Leonardo UK has demonstrated a new radar receiver, warner technology as part of its development work for the Tempest project, the future combat jet project in which the UK, Italy and Sweden are working together.
In a laboratory demonstration for the UK MoD and other Team Tempest partners, the new sensor demonstrated a direction finding performance of four times what is possible with typical radar warning receiver while being just 1/10th the size of a standard system.
The ambitious timescale for the Tempest project is towards seeing a new aircraft in-service with the RAF in 2035.
The radar warning technology is used to sense the radio frequency (RF) signals emitted by potentially hostile radars and then use this information for a variety of uses, including warning an operator that an enemy is trying to ‘lock on’ to their aircraft.
Such sensors can also support tasks such as intelligence gathering and combat identification. In future, threat radars are likely to use a range of technologies and software techniques to make it harder to identify their signals, meaning that Tempest’s sensors will need to be sophisticated enough to be able to counter such techniques and flexible enough to be updated in response to new technologies as they emerge on the battlefield.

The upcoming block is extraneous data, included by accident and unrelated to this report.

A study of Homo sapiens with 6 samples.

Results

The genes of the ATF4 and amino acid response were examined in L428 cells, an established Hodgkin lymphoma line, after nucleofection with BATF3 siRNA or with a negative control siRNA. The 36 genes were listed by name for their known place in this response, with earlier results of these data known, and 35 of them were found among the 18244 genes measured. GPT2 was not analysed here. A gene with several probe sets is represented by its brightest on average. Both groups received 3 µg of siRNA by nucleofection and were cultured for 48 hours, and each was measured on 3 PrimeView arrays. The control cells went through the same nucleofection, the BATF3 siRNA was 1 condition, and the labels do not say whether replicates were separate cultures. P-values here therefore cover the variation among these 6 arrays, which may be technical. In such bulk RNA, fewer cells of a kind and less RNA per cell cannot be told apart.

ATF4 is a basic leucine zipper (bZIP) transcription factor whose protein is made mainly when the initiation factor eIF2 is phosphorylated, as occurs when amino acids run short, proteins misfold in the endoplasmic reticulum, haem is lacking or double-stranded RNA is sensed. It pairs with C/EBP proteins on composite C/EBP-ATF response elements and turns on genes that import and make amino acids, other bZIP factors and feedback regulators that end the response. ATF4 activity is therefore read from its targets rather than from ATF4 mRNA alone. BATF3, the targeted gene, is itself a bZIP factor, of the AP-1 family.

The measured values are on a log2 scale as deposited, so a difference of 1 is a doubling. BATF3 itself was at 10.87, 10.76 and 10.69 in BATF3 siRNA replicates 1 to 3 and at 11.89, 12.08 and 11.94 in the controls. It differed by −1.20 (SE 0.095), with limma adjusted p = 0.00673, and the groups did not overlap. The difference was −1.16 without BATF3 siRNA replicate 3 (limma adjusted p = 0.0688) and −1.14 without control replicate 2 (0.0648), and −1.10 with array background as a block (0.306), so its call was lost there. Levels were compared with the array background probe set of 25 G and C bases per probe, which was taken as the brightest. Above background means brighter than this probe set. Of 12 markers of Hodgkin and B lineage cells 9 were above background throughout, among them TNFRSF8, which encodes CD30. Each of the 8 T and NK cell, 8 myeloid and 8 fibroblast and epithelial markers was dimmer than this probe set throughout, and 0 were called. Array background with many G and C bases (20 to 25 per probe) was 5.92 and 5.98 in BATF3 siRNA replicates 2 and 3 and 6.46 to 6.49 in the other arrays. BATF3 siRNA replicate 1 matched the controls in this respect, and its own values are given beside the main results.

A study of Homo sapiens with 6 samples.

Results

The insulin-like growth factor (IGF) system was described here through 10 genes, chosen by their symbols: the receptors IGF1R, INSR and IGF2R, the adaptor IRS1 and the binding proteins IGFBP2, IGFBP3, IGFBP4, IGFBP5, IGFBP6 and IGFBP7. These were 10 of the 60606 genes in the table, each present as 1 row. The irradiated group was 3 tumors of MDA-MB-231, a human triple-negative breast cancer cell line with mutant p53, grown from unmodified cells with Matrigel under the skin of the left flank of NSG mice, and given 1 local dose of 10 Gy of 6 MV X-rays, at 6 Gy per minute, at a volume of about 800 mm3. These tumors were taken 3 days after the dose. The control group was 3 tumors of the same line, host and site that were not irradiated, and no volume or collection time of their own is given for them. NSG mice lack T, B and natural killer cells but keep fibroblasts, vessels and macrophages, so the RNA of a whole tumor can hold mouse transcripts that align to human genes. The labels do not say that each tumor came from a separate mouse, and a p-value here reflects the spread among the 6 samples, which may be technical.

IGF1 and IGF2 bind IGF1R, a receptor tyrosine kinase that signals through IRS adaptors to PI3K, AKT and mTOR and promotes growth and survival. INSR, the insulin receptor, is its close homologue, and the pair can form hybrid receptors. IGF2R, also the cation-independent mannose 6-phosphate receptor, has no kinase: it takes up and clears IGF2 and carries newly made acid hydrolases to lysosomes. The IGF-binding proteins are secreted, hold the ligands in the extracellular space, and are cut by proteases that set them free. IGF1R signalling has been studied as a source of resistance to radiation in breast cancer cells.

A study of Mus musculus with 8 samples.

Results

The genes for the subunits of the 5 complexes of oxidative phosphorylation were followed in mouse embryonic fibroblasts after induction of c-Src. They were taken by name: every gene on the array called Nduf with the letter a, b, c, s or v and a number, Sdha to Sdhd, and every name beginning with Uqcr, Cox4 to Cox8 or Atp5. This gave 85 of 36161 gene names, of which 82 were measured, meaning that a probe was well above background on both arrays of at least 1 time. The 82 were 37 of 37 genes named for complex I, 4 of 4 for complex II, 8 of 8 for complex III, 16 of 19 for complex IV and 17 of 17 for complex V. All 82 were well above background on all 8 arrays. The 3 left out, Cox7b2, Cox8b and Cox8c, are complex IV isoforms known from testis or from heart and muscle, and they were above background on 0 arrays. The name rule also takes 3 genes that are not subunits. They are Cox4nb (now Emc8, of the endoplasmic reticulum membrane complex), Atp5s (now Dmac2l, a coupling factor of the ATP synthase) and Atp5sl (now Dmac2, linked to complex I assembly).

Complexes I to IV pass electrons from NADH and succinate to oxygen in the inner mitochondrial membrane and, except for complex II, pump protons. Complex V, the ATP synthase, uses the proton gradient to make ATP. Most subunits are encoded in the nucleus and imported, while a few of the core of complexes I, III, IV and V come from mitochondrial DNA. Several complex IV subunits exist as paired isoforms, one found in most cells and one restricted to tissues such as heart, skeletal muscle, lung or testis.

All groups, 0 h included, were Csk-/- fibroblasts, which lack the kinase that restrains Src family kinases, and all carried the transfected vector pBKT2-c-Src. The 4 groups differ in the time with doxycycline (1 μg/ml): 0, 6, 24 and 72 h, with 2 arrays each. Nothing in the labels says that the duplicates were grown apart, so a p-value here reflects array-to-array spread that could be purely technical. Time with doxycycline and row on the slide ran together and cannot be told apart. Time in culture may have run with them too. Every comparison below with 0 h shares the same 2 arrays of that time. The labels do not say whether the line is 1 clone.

The reduced size and weight of Leonardo’s new receiver technology, as well as reduced power requirements, means that it will be possible to integrate the sensor into a multi-function array. This concept, one of a number of innovative ideas being considered for Tempest, could see a number of multi-purpose sensors spread around the aircraft, simultaneously sensing and tracking enemy aircraft, incoming missiles and other threats from all directions, while being fully integrated with a forward-facing radar.